Science of hope subject of first Teachers College lecture at Emporia State University

March 27, 2013

Hopeful thoughts and behavior are crucial for well-being and success, regardless of income level or IQ, according to Dr. Shane Lopez, a positive psychologist and the world’s preeminent expert on hope. Lopez, a Gallup senior scientist and business professor at The University of Kansas, shares the findings from his new book when he delivers the inaugural lecture in The Teachers College Lecture Series at Emporia State University on Monday, April 1.

“Making Hope Happen: Create the Future You Want for Yourself and Others” (Atria Hardcover, $26) was published in early March as a blueprint for using the power of hope in every area of life and communicating that hope to others.

Nearly all students in Grades 5 through 12 — 95 percent — say it is likely they will have a better life than their parents. In a separate Gallup poll, however, half of U.S. adults age 18 and older say they doubt today’s youth will have a better life than their parents.

Lopez, the chief architect of the Gallup Student Poll, which measures the hope of hundreds of thousands of students each year to determine how hope drives well-being and achievement, has found that a group of typical high-hope students scores a letter grade better on a final exam than their low-hope peers. In another example, a group of high-hope salespeople sells as much product in six days as their low-hope colleagues do in seven days.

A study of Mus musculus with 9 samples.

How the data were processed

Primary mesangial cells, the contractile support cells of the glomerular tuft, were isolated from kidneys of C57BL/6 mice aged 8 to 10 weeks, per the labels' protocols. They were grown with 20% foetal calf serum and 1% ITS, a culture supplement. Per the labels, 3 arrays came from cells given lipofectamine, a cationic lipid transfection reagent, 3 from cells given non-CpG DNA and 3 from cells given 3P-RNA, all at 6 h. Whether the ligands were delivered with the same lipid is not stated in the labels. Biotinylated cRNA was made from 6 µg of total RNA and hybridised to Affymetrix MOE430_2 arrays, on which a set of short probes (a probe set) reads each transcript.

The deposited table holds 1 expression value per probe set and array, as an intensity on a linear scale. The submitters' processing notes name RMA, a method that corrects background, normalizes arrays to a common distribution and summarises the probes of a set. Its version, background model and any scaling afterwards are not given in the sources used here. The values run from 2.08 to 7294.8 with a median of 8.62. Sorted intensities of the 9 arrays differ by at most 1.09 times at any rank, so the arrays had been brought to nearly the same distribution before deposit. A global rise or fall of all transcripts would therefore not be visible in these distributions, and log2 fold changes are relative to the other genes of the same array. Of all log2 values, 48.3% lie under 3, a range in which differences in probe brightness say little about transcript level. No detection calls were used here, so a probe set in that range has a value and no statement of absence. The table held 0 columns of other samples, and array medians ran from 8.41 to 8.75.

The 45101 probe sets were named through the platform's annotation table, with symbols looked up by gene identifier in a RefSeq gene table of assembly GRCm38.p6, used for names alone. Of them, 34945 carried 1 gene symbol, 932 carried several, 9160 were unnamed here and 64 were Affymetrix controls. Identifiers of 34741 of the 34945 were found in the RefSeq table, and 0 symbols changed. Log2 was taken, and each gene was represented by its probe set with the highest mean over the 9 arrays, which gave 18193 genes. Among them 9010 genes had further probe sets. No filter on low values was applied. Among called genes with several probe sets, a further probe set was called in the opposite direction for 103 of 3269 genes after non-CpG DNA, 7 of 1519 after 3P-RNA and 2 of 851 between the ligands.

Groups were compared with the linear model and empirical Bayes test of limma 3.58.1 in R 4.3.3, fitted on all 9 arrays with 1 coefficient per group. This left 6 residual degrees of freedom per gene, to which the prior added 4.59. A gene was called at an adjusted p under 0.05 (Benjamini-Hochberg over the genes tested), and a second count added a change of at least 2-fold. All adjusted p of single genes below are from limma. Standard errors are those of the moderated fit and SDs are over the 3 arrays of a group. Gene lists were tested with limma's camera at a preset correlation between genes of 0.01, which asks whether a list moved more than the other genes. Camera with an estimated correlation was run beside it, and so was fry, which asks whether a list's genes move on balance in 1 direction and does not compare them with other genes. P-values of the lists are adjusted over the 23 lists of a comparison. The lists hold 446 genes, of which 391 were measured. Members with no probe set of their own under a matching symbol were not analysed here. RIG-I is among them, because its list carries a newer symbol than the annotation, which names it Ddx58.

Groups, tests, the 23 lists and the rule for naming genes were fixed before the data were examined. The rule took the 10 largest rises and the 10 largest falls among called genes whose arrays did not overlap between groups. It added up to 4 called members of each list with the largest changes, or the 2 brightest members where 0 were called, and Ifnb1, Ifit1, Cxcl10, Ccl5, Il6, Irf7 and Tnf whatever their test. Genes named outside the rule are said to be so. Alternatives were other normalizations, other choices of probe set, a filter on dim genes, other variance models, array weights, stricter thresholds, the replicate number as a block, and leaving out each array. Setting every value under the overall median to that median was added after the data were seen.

Copies of “Making Hope Happen” are for sale now in the Memorial Union Bookstore on the Emporia State University campus. Lopez will speak at 7 p.m., Monday, April 1, in Webb Hall of the Memorial Union. The lecture is free. A book signing is scheduled after the lecture, and books will be available for purchase.

In addition, representatives of nearly two dozen private and public Kansas schools are attending the lecture and will receive complimentary copies of the books signed by Lopez. Dr. Michael D. Shonrock, president of Emporia State University, and Carol Strickland, executive director of the National Teachers Hall of Fame, will assist Lopez in handing books to the school representatives.